I return year after year to the town of Garda on the shores of Lake Garda in the Province of Verona.
It’s an area where flowers are grown in profusion and I realised I had no idea of which flower enjoyed the privilege of being regarded as the national flower of Italy. So what could be easier than refer to the internet to find the answer? “Italy’s national flower is the lily, and it symbolically represents purity and refined beauty,” one site assured me. Simple … until I read, in another website, that the lily vies with the cyclamen and the daisy for the title of national flower! Still, on the basis that the candidate with the most votes wins, I declare that, on the basis of my internet poll, the lily shall be deemed to be the national flower of Italy.
Next, I went in quest of the answer to the question, “Why is the lily the national flower of Italy?” And I learn that, for Italian people … and not just for Italian people … white lilies represent modesty and virginity, orange is for passion and yellow symbolizes gaiety; and, since Italian lilies come in a wide variety of colours including white, orange and yellow, all these attributes are covered. But the lily family is a very large one indeed, with the majority of species having originated in the Far East; so which specific lily has the best claim to be the Italian national flower? Not for the first time … nor, I suspect, for the last … I turned to that mine of information The Modern Herbal by Mrs. Maud Grieve (first published in 1931!), where I learned that “the Shushan, or Lily of Scripture, had probably a very broad meaning and might refer to any striking blossom. This white lily was a popular favourite with the ancient Greeks and Romans. In the early days of Christianity it was dedicated by the Church to the Madonna (hence its popular name ‘Madonna Lily’), probably because its delicate whiteness was considered a symbol of purity. It is employed on the 2nd July, in connection with the celebration of the Visitation of the Blessed Virgin.”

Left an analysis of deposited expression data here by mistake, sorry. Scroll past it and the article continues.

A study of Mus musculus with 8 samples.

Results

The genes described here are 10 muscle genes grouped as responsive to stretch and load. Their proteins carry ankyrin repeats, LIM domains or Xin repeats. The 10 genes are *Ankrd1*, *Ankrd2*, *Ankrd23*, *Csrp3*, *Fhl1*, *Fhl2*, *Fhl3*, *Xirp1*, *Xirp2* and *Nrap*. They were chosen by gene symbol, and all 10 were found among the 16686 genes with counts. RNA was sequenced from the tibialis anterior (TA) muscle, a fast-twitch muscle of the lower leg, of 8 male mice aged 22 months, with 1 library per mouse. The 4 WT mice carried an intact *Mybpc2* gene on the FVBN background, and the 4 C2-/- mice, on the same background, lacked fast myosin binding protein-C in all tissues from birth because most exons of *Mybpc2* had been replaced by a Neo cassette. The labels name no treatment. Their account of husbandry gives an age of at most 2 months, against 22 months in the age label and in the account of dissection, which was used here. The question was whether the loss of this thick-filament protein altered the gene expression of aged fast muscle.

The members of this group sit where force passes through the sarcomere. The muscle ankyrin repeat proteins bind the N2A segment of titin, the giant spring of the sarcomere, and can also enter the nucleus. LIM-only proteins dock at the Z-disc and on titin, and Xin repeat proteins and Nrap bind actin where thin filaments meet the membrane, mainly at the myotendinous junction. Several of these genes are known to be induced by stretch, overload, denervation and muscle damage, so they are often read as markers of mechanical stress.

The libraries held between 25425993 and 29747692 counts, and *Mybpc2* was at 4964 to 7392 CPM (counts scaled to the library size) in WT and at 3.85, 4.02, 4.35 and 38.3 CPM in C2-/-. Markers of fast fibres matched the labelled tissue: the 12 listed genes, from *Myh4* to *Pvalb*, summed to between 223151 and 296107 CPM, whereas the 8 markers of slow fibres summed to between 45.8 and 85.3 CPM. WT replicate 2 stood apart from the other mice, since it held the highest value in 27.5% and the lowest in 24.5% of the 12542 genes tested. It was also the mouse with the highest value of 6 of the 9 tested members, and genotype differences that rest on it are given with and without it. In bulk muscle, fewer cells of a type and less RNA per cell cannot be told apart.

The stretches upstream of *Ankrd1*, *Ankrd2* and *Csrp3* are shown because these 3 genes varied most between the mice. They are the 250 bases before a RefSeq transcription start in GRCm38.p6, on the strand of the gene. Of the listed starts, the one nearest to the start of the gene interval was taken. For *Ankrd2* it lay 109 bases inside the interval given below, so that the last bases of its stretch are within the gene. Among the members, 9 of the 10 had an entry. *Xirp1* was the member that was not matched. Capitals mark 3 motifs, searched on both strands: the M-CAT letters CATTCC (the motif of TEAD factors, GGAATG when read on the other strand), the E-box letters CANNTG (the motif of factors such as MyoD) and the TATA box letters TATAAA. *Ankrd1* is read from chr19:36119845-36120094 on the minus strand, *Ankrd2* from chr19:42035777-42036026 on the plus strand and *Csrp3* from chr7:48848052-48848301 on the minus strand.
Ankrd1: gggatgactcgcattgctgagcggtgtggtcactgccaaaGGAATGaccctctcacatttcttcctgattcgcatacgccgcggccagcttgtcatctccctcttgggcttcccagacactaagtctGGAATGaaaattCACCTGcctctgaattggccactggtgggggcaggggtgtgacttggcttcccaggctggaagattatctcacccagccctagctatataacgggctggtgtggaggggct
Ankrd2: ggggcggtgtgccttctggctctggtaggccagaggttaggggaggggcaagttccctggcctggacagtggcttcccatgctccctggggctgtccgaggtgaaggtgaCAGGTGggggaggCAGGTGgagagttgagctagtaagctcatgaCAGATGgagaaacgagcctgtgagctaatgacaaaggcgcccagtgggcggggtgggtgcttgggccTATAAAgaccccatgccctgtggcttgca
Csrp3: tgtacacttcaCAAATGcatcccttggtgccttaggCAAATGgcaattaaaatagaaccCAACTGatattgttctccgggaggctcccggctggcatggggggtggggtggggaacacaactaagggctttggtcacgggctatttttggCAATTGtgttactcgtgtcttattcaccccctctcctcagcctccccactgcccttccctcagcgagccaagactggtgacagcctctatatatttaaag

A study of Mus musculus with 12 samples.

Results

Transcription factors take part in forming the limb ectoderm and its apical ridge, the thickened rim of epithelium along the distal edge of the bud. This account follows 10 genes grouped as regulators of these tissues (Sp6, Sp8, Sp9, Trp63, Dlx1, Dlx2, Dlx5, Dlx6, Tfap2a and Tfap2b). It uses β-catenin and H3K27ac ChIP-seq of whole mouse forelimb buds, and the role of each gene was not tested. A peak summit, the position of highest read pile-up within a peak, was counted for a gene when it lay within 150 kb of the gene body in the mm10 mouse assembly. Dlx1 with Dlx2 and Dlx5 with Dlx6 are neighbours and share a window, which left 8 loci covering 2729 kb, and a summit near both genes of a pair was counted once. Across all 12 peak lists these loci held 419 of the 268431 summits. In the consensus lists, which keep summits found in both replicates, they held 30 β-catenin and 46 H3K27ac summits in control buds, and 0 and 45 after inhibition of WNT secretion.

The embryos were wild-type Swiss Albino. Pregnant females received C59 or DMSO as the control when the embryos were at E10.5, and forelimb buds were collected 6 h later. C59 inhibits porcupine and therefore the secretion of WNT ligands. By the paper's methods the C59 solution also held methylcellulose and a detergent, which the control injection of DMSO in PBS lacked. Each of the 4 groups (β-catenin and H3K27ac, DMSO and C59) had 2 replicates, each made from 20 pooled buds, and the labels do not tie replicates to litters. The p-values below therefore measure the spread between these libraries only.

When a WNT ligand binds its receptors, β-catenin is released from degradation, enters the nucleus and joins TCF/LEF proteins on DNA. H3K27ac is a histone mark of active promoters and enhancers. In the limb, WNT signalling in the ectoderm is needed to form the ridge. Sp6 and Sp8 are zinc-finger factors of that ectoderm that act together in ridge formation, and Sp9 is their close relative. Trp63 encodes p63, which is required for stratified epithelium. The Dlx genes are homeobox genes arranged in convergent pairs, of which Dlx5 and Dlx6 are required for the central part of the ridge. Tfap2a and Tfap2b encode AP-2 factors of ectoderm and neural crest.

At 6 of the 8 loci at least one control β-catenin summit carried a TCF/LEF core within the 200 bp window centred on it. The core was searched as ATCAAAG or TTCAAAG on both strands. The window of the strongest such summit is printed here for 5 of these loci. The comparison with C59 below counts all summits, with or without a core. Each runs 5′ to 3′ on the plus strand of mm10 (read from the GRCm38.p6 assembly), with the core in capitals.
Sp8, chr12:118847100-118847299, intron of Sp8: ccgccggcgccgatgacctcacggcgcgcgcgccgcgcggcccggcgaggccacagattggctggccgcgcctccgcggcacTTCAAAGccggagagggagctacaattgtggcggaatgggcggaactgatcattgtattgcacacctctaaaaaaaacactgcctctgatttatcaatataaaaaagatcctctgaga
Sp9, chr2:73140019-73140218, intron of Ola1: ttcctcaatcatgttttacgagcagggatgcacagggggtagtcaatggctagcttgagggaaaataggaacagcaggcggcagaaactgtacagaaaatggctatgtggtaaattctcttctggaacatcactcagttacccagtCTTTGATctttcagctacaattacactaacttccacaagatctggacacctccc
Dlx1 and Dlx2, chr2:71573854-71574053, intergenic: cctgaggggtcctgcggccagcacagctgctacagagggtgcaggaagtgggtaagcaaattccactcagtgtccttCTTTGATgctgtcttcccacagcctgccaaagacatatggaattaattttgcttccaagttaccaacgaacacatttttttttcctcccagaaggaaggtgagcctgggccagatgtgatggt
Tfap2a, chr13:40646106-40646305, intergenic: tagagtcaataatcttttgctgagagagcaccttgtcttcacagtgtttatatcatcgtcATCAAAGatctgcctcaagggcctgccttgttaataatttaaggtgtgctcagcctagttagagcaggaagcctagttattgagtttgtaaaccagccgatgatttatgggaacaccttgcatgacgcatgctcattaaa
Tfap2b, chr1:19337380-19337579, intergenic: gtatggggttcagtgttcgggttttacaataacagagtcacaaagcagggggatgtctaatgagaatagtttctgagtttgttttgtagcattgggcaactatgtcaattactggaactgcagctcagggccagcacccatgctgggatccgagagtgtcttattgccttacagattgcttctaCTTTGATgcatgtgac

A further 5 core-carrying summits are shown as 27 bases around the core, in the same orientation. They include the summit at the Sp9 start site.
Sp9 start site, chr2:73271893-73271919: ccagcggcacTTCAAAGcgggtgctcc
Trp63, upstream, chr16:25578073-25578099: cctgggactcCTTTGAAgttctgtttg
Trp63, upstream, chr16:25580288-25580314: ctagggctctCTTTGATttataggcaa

Images of lilies which date back to, perhaps, 1500 B.C. were found in Crete, which should not surprise us, for we know that these majestic flowers have long held a role in ancient mythology. The Ancient Greeks believed that the white flower they called ‘leiron’ … which the Italians call ‘giglio’ and which we call ‘lily’ … came from the milk of Hera, the queen of the gods. Botanically, the Madonna lily is Lilium candidum, which means, simply, the ‘white lily’. The stiff, erect stem springs from a bulb and grows to something between one metre and two metres high … three to six feet in old money … and carry pure white, trumpet-shaped flowers in June and July. These flowers have a strong, sweet perfume, so potent that it actually produces a sort of asthmatic reaction in some people, myself included. Unfortunately for such people, lilies are popular as gifts because of their associations with purity and refined beauty.
Mrs. Grieve assures us in words which brook no argument that, “the bulbs, boiled in milk or water, (can be used) as emollient cataplasms for tumours, ulcers and external inflammation and have been much used for this purpose in popular practice. The fresh bulb, bruised and applied to hard tumours, softens and ripens them sooner than any other application.” As ever, I merely report her words and certainly do not offer any warranty regarding these claims, although one may find, in a herbalist’s shop, an ointment made from the bulbs to take away corns and remove the pain and inflammation arising from burns and scalds, which they cure without leaving any scar. So is the plant which is alleged to possess these properties the national flower of Italy? Heaven alone knows … I hope!